Iraq's top Kurdish leaders are mediating between Turkey and Kurdistan Workers' Party (PKK) separatists with bases in northern Iraq to bring their conflict to an end, an official said.
Iraq's President Jalal Talabani and Iraqi Kurdistan regional president Massud Barzani "are leading mediation efforts between the Turkish government and the PKK, to end the battles in the border area between Iran, Turkey and Kurdistan," said a spokesman for Talabani's Patriotic Union of Kurdistan.
"The Turkish government expressed its desire to end the fighting during Massud Barzani's last visit to Turkey," said spokesman Azad Jundiany.
Barzani criticised Turkish military operations against the PKK during an early-November visit to Turkey, saying a political solution was needed.
"Honestly, I disapprove of all these operations ... I don't think that one can achieve the result with the military option", Barzani told Turkey's Hurriyet newspaper.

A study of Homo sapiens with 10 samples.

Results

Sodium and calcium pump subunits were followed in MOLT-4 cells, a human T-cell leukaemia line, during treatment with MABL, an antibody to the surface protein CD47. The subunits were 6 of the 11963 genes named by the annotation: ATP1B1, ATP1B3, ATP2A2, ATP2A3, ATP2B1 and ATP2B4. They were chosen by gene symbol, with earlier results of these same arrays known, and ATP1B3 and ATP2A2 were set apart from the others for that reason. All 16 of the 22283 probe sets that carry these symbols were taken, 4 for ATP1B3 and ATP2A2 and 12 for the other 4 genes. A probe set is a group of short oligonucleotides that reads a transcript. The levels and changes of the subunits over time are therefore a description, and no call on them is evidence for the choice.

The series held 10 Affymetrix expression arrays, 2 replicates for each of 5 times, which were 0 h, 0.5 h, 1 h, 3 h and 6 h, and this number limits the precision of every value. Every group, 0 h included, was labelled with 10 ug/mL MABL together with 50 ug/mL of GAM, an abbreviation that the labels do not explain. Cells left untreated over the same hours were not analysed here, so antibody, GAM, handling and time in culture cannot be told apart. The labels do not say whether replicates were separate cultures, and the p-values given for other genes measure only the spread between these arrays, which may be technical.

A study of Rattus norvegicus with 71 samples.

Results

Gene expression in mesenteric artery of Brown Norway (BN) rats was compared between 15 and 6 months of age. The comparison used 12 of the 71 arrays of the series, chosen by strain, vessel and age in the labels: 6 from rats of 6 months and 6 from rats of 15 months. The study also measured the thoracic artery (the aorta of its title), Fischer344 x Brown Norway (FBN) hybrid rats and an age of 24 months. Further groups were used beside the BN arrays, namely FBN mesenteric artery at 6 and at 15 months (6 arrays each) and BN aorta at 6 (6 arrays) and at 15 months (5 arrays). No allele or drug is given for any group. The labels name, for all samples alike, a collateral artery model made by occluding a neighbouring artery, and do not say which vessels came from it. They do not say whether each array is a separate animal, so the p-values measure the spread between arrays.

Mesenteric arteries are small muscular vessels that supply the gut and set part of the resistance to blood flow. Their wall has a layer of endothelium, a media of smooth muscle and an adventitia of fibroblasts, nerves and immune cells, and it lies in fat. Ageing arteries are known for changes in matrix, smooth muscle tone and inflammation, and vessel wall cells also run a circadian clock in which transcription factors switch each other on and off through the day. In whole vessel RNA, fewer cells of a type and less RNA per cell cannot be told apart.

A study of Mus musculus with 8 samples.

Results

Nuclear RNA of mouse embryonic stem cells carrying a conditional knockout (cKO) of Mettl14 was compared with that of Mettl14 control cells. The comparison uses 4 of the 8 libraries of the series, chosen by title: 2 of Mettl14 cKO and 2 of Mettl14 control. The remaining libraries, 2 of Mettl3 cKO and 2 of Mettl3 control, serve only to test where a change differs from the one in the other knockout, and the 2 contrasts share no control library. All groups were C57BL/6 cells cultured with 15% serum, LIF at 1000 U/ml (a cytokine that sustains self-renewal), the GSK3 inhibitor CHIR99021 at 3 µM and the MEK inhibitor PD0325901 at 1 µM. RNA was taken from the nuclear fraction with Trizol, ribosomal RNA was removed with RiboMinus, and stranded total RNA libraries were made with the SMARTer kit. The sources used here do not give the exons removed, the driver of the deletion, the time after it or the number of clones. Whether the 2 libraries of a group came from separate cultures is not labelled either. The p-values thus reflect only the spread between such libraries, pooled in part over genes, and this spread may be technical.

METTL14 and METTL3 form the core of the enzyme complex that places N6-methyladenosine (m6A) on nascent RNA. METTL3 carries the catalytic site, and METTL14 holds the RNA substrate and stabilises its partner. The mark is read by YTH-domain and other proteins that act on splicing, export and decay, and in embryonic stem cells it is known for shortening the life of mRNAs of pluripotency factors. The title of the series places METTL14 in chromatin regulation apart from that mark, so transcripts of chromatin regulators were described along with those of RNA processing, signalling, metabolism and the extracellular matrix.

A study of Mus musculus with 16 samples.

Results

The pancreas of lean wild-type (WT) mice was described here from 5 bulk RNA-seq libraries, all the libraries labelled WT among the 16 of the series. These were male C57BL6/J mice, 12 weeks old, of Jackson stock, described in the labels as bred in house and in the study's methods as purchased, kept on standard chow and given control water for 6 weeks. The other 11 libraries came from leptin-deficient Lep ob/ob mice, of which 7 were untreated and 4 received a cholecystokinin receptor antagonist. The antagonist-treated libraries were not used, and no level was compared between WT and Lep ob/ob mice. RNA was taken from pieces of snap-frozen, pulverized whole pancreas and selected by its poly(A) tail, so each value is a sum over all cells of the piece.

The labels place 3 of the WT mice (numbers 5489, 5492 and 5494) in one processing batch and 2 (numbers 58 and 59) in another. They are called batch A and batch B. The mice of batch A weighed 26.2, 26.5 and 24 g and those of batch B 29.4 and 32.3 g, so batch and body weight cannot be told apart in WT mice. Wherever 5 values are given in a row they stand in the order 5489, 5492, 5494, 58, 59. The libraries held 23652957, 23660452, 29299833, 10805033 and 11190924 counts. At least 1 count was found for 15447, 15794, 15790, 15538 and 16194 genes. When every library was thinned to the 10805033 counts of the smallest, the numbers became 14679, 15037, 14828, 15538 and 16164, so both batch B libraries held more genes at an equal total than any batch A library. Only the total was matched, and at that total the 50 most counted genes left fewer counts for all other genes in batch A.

"The fighting should happen in parliament," he told the Anatolia news agency.
Clashes between the PKK and Turkey's army, a common phenomenon over the past decade, have escalated since the summer.
Listed as a terrorist organisation by Turkey and much of the international community, the PKK took up arms for Kurdish independence in southeastern Turkey in 1984, sparking a conflict that has claimed some 45,000 lives.
Barzani has also made efforts to end fighting between the Party of Free Life of Kurdistan (PJAK), another northern Iraq-based separatist group, and Iran.
He and Iranian Foreign Minister Ali Akbar Salehi in late October declared the PJAK issue "over."
"With the good management of Mr Barzani, we were able to handle the issue of the PJAK terrorist group, and currently our borders with the Kurdistan region of Iraq is secure," Salehi said.
"Mr Barzani vowed to have the best borders from now on so people can travel easily and not be subject to any insecurity ... We consider this issue to be over," Salehi added.